October was rough for the financial markets in general. If you noticed a decrease in the value of your investment account, please know that there’s no reason to panic.
Dips are normal. The markets often go up like an escalator and down like an elevator, but if you stick with the plan, you’ll do better over time, even if you do take a few elevator rides once in a while.
Take the Toronto Stock Exchange, for example. In October, the TSX decreased by 6.5%. However, over the last 30 years, it has increased 6.8% on average every year.
Downturns are not only a normal part of investing, they can actually be an opportunity for investors to buy into the market at a discount (take, for example, dollar-cost averaging*). If you can look past the temporary loss and invest more when the market is down, you’ll be better placed to earn higher returns when the market is up again.
Why do stock prices go down?
When we talk about a downturn in the market, we generally mean that stock* prices are declining. To understand why this happens, let’s look at the difference between price and value. The price of a stock is first determined at the company’s initial public offering*, but will rise or fall depending on supply and demand. Supply of a stock at a point in time is determined by the number of sellers, and demand determined by the number of buyers. If supply decreases or demand increases, then prices tend to rise. But if supply increases or demand decreases, then prices tend to fall.
Value, on the other hand, is a subjective concept and varies by investor. You decide how much value to give stock depending on how you feel about the company it represents. It’s the price that you think it should be trading for on the market.
A rational investor will buy when stock price is below value and sell when price is above value. In fact, investors like Warren Buffett have made a living from doing exactly that.
What causes steep market declines?
Prices can fall quickly when the collective mindset of the market shifts from positive to negative sentiment about the future of investments available in that market. At a macro level, world events (like wars or natural disasters), political news (such as elections or tariffs), and the release of economic data or monetary policy decisions are some of the major forces that lead to a decline in prices. Sometimes there are a variety of factors weighing on markets and sometimes there’s no clear reason at all.
What we can say is that markets (like people) always have their ups and downs, which is why looking at the bigger picture matters.
So what does this mean for my Moka investment account?
If you noticed a dip, it’s likely that you are currently investing in a Moderate, Moderate-Aggressive, or Aggressive investment portfolio with Moka. These portfolios have greater exposure to stocks so your investments will have greater volatility (daily fluctuations) than a Conservative or Conservative-Moderate portfolio. This additional volatility means that you can experience larger losses in certain periods, and larger gains in others.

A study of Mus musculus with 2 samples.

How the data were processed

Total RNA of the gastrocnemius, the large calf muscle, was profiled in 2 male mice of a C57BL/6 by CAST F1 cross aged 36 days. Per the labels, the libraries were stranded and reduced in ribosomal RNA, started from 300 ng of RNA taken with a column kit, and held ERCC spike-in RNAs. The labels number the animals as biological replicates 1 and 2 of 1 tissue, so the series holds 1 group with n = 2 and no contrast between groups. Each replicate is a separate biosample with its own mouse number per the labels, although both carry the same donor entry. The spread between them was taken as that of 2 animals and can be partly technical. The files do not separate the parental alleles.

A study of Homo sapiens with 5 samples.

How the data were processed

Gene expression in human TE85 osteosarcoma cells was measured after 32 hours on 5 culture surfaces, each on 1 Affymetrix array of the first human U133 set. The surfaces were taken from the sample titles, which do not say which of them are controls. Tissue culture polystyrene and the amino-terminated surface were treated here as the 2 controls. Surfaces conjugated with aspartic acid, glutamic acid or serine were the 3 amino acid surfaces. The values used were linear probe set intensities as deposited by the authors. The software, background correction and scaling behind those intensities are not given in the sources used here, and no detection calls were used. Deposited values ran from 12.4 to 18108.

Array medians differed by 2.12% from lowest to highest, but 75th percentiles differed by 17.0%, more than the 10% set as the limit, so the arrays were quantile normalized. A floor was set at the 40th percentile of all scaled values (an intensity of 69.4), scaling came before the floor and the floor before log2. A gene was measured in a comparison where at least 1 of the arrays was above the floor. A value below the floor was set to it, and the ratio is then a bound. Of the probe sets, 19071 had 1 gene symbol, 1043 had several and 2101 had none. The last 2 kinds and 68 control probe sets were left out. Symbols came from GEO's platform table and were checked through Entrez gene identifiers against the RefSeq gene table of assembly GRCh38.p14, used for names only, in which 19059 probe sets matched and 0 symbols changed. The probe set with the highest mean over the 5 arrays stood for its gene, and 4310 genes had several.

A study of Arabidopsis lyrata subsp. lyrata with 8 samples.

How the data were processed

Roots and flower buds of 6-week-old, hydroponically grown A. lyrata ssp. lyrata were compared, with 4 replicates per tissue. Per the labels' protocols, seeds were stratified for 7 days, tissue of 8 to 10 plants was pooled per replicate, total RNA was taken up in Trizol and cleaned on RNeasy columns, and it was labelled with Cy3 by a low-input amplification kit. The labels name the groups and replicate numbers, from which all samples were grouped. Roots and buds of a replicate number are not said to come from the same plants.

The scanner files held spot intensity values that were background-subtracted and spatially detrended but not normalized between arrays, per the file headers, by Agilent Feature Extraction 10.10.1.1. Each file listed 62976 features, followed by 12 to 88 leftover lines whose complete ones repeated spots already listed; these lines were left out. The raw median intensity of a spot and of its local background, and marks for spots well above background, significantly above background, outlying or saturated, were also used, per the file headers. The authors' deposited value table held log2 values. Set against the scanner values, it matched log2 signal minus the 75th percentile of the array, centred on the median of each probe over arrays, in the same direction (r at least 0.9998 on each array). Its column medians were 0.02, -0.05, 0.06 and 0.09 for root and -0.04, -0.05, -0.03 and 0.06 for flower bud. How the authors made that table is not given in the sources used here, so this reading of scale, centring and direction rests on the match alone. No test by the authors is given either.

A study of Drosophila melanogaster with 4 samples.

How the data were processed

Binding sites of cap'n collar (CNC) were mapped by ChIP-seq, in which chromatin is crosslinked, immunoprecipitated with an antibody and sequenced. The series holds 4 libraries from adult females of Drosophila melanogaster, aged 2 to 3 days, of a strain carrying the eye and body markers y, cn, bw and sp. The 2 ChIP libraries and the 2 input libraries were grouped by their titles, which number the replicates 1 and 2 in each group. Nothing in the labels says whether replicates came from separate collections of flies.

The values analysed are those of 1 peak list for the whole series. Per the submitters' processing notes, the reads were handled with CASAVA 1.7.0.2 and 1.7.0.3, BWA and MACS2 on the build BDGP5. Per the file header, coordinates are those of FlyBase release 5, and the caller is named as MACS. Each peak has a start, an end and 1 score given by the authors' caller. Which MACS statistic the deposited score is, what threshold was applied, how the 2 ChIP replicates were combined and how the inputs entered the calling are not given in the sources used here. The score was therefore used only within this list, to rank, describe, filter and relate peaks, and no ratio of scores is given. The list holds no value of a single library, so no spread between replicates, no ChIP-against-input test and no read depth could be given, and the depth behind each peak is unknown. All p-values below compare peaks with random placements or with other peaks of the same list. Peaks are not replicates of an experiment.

The trade-off is that expected returns in the long term are higher for riskier investments like stocks than for safer investments such as bonds or savings accounts.
What should I do now?
We recommend that you stay the course with your investments. We selected your portfolio based on information you provided about your goal, financial situation, time horizon and risk aversion. If you are in one of our riskier investment portfolios, chances are that your profile indicates you have a higher ability to tolerate short-term loss, perhaps due to factors such as a strong, steady income, a relatively long time horizon on your goal, and a higher tolerance for risk.
Of course, your investments are your investments, so you should decide what you feel comfortable doing, and this can change as you gain more investment experience. If you have questions or concerns about your investments, your dedicated portfolio manager is always available to chat and can answer any questions you may have about your investment strategy.
Dollar-cost averaging is an investment strategy that involves buying a fixed dollar amount of a specific stock on a recurring schedule over a long period of time. Investors buy more shares when the price is low and fewer when the price is high, but they will gradually build wealth as the value of that stock goes up and down.
Stock means ownership in a company. If you have stock in a company, you own a part of the company. Sometimes people use the terms ‘stock’ and ‘share’ interchangeably, but they aren’t the same thing. Think of stock as the pie and shares as the slices.
An initial public offering is the launch of shares in a company on a stock exchange. The company pays an investment bank to calculate the value of the company, the number of shares in the company and the cost of an individual share.